Near Total Loss of Historical Lands Leaves Indigenous Nations in the U.S. More Vulnerable to Climate Change
YSE-led study finds that Indigenous nations across the United States have lost 98.9% of their historical land base; historical land dispossession is associated with current and future climate risk.
By Dylan Walsh MEM ’11
In a first-of-its-kind study, a team of researchers — led by Yale School of the Environment Professor Justin Farrell — attempted to quantify the massive loss of historical lands by Indigenous Nations across the U.S. since European settlers first began laying claim to the continent. They also found historical land dispossession was associated with current and future climate risks as Indigenous peoples were forced to lands that are more exposed to a range of climate change risks and hazards and less likely to lie over valuable subsurface oil and gas resources.
“Everyone who’s read history — or a true version of it — knows this story,” Farrell says. “But this is the first scholarly study that has looked at the full scope of change and tried to quantify it, to systematically geo-reference it at scale.”
The hope, according to lead author Farrell and his team, is that other scholars and members of Indigenous nations will review and improve the findings moving forward via open data and public dashboards, providing a completer and more accurate picture of the extent of land dispossession among Indigenous nations.
Among their findings was that Indigenous nations across the United States have lost 98.9% of their historical land base since European settlers first began to lay claim to the continent. More than 40% of tribes from the historical period now possess no federally recognized land.
Beyond this single figure, though, the researchers connected their findings to overlapping questions of climate risk and natural resource availability. How, they asked, does exposure to the effects of climate change differ between past and present? How does the agricultural suitability of historical lands compare to current lands? What about oil and gas mineral availability? Beyond the vast quantity of land that was lost, what, the researchers wondered, can be said of the land’s quality?
“Obviously, the top-line finding is that, because of systematic land dispossession and forced migration under settler colonialism, Native peoples are exposed to much higher vulnerability due to climate change,” says Paul Burow, a doctoral candidate at YSE and co-author on the paper. Present-day lands endure, on average, an increased number of extreme-heat days compared to historical lands, for instance. Wildfire risks are also more severe for about half of all tribes (Findings on agricultural suitability were mixed; the oil and gas mineral value potential of modern lands is less than historical lands.)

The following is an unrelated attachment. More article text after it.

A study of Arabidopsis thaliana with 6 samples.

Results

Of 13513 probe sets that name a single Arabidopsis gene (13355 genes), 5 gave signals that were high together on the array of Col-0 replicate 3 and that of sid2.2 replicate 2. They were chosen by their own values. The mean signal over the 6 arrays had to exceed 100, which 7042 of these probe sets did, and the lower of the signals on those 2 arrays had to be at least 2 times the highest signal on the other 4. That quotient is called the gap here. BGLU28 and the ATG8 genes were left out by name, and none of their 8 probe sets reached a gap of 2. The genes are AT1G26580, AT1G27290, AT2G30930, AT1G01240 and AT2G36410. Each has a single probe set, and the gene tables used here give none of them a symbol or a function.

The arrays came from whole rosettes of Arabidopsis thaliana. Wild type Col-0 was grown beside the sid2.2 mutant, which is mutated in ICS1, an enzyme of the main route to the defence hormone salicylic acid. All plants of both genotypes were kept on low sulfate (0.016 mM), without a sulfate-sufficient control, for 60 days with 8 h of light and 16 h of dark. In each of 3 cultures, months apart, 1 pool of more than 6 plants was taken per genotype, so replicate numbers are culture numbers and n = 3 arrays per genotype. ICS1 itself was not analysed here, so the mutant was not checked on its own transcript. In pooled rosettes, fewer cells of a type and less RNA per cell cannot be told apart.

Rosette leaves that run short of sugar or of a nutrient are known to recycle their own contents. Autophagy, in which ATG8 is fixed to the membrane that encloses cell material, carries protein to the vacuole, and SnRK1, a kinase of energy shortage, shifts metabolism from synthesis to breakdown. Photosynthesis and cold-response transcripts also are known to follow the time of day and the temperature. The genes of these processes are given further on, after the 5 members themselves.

“And while this gives us a very broad understanding of climate impacts, the work really opens opportunities to derive a more nuanced understanding of effects at the local level,” Burow says. “This is the beginning of a long-term, comprehensive research program that will let anybody drill down on how different climate dynamics are touching specific Indigenous peoples and the places they live.”
He offered extreme heat as an example: an averaged finding on increased risk of extreme heat to the nation’s Indigenous tribal groups is informative, but, at the end of the day, this risk is more meaningful to some communities than others; and so localized data on extreme heat or wildfire risk in, say, the West would be of greater value.
This project, noted Kathryn McConnell, another doctoral candidate at YSE and co-author on the paper, fits within a larger research trend linking “contemporary climate impacts to past histories,” she says. “The goal is to bring this historical conversation into contact with the conversations around climate impacts.”
She also highlighted the important decision to make the data publicly available, as much of the information they collected has historically remained in the hands of academics and commercial interests.
To what end this project ultimately leads remains an open question, but for Kyle Whyte, a professor of environment and sustainability at the University of Michigan who currently serves on the White House Environmental Justice Advisory Council, it provides important reinforcement for longstanding claims. “The research confirms what Indigenous leaders have been calling out for years,” he says. “The U.S. still has not addressed the land dispossession and the suppression of Indigenous territorial governance that are at the root of why Indigenous peoples face disproportionate vulnerability to climate change impacts.” (Whyte is also a co-author on the paper and an enrolled member of the Citizen Potawatomi Nation.)
As Farrell put it: “There is a violent legacy that persists today, and it remains critical that we try to understand it at large-scales. This not only for historical clarity around land dispossession and forced migration, but for concrete policies moving forward: How can we use this information so that day-to-day, lived experiences of Indigenous peoples are improved — so that the existing inequities are righted and future risks mitigated?”